On November 6, residents in the greater Roanoke area will choose a new state legislator to represent them in the Virginia House of Delegates as Greg Habeeb, who was elected into the statehouse in 2011, has retired. At a candidates forum sponsored by the Roanoke Regional Chamber, Republican Joe McNamara and Democrat Carter Turner went head to head on the topics of economic development, transportation, and healthcare.
McNamara, who has served for almost 20 years on the Roanoke County Board of supervisors, said that he will use his business acumen to legislate in Richmond. He said that government has limitations in what it can do and what it should in interfering with the lives of people and businesses, with the budget playing a top role in that notion.
“You can’t promise solutions to everything with a finite set of resources,” McNamara said at the candidates forum on Wednesday, according to The Roanoke Times.
Turner responded, “Government doesn’t have to be involved in everything, but things it should be involved in, it ought to do effectively.” The Democratic candidate, who is the associate director of advancement at Radford University, added, “Strong government can help businesses, it can help stabilize communities.”
On the topic of healthcare, McNamara wants to bring his experience in managing budgets to the statehouse, which he has done as a local elected official, as well as with two ice cream shops he owns. As a business owner, he said healthcare is one of the top issues that businesses talk about.
The Republican candidate said increases in spending on healthcare has directed funding away from vital areas such as education and agriculture. Currently, Medicaid spending comprises almost one-quarter of Virginia’s budget after the program was expanded earlier this year. Furthermore, a federal regulatory crackdown on Medicaid support for two state geriatric mental hospitals could cost Virginia more than $200 million.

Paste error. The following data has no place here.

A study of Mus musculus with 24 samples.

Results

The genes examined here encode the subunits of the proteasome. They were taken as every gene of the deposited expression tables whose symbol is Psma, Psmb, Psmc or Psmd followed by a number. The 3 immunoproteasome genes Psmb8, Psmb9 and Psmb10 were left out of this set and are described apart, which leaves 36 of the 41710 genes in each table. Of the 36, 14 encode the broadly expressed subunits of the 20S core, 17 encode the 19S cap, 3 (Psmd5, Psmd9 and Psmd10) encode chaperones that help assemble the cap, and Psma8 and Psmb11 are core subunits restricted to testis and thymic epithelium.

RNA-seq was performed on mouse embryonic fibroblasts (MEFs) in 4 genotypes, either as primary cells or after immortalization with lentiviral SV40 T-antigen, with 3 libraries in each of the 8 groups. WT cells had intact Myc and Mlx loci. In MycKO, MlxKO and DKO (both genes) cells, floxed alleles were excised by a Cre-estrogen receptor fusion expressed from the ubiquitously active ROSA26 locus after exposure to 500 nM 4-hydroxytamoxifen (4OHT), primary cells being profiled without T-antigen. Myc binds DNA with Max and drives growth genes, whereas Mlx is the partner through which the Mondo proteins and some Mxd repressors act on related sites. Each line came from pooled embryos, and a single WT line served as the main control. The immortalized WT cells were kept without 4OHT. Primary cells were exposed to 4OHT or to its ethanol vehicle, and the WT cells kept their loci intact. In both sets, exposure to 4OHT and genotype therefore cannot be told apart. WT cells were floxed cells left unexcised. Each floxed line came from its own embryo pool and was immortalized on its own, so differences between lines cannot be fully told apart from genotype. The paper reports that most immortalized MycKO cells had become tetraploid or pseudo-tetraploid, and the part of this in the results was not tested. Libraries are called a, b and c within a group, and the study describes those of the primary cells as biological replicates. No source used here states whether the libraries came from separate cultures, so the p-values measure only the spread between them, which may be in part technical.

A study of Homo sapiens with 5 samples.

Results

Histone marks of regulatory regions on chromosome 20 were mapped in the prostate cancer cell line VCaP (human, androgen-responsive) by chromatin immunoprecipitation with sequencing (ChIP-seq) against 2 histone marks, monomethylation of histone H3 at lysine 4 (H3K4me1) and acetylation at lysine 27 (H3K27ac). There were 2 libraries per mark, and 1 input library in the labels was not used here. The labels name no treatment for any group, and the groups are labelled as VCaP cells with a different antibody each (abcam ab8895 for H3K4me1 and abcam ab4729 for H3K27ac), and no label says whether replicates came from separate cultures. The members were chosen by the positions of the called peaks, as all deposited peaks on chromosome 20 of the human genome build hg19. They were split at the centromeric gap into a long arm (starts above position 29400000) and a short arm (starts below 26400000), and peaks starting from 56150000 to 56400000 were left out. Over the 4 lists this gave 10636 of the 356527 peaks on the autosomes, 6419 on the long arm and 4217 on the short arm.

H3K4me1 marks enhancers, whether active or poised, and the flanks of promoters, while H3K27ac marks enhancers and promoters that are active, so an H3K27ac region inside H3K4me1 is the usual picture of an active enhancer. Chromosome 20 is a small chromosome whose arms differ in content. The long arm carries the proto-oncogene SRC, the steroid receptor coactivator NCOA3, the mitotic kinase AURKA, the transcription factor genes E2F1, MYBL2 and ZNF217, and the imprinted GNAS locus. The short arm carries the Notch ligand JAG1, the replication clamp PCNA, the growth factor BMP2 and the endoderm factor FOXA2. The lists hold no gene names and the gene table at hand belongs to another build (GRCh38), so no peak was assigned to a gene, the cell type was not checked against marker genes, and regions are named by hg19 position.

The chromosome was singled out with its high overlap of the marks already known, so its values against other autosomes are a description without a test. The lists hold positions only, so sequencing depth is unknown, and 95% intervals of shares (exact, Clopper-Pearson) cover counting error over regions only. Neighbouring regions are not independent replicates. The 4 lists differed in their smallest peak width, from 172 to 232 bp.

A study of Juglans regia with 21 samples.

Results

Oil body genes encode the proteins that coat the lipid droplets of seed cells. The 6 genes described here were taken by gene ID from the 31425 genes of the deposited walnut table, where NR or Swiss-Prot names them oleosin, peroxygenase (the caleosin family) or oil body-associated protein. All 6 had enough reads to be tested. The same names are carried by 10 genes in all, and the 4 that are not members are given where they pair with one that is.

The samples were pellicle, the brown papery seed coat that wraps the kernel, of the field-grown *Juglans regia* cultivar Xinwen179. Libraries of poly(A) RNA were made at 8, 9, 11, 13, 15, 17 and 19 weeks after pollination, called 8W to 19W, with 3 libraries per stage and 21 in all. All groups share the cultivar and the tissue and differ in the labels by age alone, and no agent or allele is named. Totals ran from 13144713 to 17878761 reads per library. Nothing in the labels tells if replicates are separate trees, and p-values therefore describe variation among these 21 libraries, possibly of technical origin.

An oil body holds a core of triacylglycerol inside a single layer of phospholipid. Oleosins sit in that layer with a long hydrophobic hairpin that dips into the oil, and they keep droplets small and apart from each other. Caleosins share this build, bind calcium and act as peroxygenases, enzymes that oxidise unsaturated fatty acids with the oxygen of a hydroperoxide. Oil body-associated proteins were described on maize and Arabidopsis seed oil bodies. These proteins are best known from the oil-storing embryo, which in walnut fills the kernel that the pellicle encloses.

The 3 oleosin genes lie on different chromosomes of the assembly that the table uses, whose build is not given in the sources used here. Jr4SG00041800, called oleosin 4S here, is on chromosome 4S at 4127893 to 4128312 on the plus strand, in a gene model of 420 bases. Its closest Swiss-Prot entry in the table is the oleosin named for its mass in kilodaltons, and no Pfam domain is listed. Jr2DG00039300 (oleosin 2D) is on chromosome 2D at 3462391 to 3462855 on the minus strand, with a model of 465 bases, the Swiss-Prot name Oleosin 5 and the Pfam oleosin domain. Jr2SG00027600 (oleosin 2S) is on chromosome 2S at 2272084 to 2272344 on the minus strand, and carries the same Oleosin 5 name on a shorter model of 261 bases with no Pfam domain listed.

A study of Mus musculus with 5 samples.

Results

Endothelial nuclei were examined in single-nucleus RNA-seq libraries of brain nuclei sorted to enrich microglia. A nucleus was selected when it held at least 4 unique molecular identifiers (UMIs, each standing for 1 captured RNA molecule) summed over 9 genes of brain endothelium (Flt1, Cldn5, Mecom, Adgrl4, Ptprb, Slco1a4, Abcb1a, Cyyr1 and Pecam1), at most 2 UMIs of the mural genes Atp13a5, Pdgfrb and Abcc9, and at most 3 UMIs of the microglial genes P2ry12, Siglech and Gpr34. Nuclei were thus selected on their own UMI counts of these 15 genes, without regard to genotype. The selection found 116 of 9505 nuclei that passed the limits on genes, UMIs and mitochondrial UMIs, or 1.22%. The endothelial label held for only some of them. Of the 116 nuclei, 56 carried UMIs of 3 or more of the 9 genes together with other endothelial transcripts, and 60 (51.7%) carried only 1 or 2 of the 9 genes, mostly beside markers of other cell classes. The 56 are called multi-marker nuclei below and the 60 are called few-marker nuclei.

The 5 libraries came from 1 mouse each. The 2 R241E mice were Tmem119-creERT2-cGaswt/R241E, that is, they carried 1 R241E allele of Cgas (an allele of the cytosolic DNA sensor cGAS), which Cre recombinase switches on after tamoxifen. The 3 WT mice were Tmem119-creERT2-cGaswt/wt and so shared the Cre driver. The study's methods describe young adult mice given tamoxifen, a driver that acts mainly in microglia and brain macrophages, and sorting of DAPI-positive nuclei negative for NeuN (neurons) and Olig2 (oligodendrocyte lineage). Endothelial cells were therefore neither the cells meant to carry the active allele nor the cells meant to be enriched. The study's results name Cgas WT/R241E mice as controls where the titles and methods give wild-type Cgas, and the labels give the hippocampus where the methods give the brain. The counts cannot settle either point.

“We’re draining our critical and important revenue sources by expanding an entitlement, and continuing to enlarge Obamacare in Virginia,” McNamara said.
Turner has stated that he has made Interstate 81 the top issue of his campaign because of the safety issues surrounding trucking traffic and crashes along the corridor. He said there are numerous ways to make improvements such as adding a third lane and adjusting on and off ramps. To pay for it, Turner proposes vying for federal grants, tolls for commercial vehicles, or a tax on diesel fuel.
McNamara said “we’re in a dream world” to think the entire 325-mile-long highway in Virginia could be three lanes. He said improvements along the interstate can be made through legislators, regional leaders, and the transportation board working together. He expressed the efforts he and Delegate Ben Cline (R-Rockbridge) have been working on to get a third lane funded between Exit 140 and 141 in Roanoke County.
Cline, who is running for Congress, was also in attendance at the forum, and said I-81 is the “economic backbone of the 6th Congressional District.” He said some improvements have been made along the corridor, such as widened lanes in Rockbridge County that have helped reduce bottle-necking. Though, he relayed that “we have outgrown our current I-81.”
“The federal government needs to contribute a fair share to improve I-81,” he said.
Turner said money can be dedicated to improving the interstate through the windfall of $250 million to $300 million in annual state revenue that is to come to the Commonwealth via the U.S. Supreme Court’s decision to allow for states to collect sales taxes from internet retailers. McNamara said legislators needs to weigh the needs first before earmarking revenues.
Nevertheless, the two candidates did agree on a few things. They said the opioid crisis could be better mitigated by empowerment at the local level where services are provided. Both candidates also said there needs to be improved relationships between K-12 schools, community colleges, workforce training programs, and employers to boost economic development.